CHICAGO -- The Royals currently stand as a better team than the White Sox.
That fact had been established before Kansas City took three out of four this weekend at U.S. Cellular Field, culminating with Chicago's 4-1 loss before 32,175 Sunday afternoon. But the point was driven home with a win against Chris Sale, the White Sox ace and four-time All-Star.
Even the best in baseball, such as Sale, are not infallible. And Sale has not been helped by a White Sox offense scoring three runs or fewer in eight of his nine home starts.
But Sale's second-half debut featured a slight lack of fastball command against the wrong opponent.
"Yeah, all over the place," said Sale, who fell to 7-9 with a 2.84 ERA in his career against the Royals. "This is not a good team to leave fastballs over the plate to, and also not a good team to let the ball travel over the fence. They take advantage of every opportunity you give them."
"Well, he's a strike-thrower with tremendous stuff and we're an aggressive team," Royals manager Ned Yost said. "We came up to the plate swinging the bats."
On this rarest of days when Sale matched a career-worst 11 hits allowed, many of the other White Sox problems popped up again. Melky Cabrera was thrown out trying to go from second to third on Avisail Garcia's grounder to shortstop Alcides Escobar with nobody out and a one-run deficit in the second, and Jose Abreu and Cabrera struck out against Danny Duffy with runners on second and third after the first out in the sixth in a 2-0 game.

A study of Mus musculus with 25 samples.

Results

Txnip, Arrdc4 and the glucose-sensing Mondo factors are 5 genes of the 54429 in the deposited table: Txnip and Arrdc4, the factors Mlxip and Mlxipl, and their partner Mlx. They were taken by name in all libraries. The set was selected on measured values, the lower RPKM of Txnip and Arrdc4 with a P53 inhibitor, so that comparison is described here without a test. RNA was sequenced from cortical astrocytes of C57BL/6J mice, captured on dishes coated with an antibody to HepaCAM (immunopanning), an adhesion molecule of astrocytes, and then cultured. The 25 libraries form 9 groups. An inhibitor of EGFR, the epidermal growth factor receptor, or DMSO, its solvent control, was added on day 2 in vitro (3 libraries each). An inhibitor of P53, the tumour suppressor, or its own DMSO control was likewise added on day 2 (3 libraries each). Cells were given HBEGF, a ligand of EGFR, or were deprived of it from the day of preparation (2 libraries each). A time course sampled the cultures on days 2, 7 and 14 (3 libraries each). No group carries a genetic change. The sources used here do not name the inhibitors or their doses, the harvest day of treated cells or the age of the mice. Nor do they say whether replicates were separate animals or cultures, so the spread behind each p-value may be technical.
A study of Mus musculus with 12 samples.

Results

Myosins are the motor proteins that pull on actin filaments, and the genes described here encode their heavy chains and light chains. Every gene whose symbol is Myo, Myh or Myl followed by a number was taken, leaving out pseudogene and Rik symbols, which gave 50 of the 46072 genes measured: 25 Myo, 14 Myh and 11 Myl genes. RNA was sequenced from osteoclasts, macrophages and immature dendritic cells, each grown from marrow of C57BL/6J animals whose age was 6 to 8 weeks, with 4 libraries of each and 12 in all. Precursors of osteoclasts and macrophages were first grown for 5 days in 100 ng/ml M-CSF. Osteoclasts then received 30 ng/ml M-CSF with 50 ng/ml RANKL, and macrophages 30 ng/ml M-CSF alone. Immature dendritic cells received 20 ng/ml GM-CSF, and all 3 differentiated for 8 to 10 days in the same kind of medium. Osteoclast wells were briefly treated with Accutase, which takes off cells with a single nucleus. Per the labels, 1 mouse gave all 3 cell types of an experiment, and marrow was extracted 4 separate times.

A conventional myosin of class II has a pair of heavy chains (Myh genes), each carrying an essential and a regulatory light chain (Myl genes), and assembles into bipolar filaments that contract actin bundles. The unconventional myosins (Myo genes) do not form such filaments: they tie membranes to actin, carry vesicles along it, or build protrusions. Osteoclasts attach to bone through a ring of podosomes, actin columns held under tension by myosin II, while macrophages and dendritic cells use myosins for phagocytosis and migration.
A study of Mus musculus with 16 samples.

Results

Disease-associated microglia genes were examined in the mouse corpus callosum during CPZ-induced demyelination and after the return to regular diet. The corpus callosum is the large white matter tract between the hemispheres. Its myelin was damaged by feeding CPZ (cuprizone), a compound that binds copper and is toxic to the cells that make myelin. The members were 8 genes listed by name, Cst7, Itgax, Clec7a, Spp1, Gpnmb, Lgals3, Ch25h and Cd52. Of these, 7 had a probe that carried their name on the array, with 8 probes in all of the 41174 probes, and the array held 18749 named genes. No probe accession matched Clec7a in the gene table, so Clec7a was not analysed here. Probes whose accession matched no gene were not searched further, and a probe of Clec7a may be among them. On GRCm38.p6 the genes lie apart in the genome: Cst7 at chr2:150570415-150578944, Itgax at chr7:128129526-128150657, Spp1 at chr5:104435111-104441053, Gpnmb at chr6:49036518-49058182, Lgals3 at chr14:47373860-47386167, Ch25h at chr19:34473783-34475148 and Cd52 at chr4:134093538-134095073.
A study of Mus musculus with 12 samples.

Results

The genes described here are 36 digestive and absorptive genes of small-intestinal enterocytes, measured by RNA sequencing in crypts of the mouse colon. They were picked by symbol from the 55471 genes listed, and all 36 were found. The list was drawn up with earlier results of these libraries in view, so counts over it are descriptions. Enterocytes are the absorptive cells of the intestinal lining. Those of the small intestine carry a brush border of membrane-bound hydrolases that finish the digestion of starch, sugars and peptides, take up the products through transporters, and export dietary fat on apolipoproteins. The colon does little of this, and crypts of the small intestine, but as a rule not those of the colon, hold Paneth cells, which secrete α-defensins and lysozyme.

Those at-bats did cover 17 pitches total, so the fight and effort remains there for the White Sox. But aside from Tyler Saladino's first career home run leading off the ninth, the results continue to be missing for this 42-48 squad.
"At the end of the day, if we don't win, that's all that matters," Saladino said. "The home run is just a moment."
"We're playing as hard as you can, and that's all you can really ask," Sale said. "We got some bad luck along the way too. We're squaring some balls up and doing some things. Balls hitting off guys' gloves and going to the other guy. ... Sometimes you have to shake the bad luck before you get on a roll."
Was it bad luck or just exceptional defense by the Royals? The AL Central leaders do all the little things to be successful, which is in part why the White Sox sit 13 games back and may look to enhance their overall big-picture base instead of going all in this season at the July 31 non-waiver Trade Deadline.
"I know everybody wants to talk about it, but we're going to play as hard as we can against St. Louis," White Sox manager Robin Ventura said. "We're going to play on Tuesday."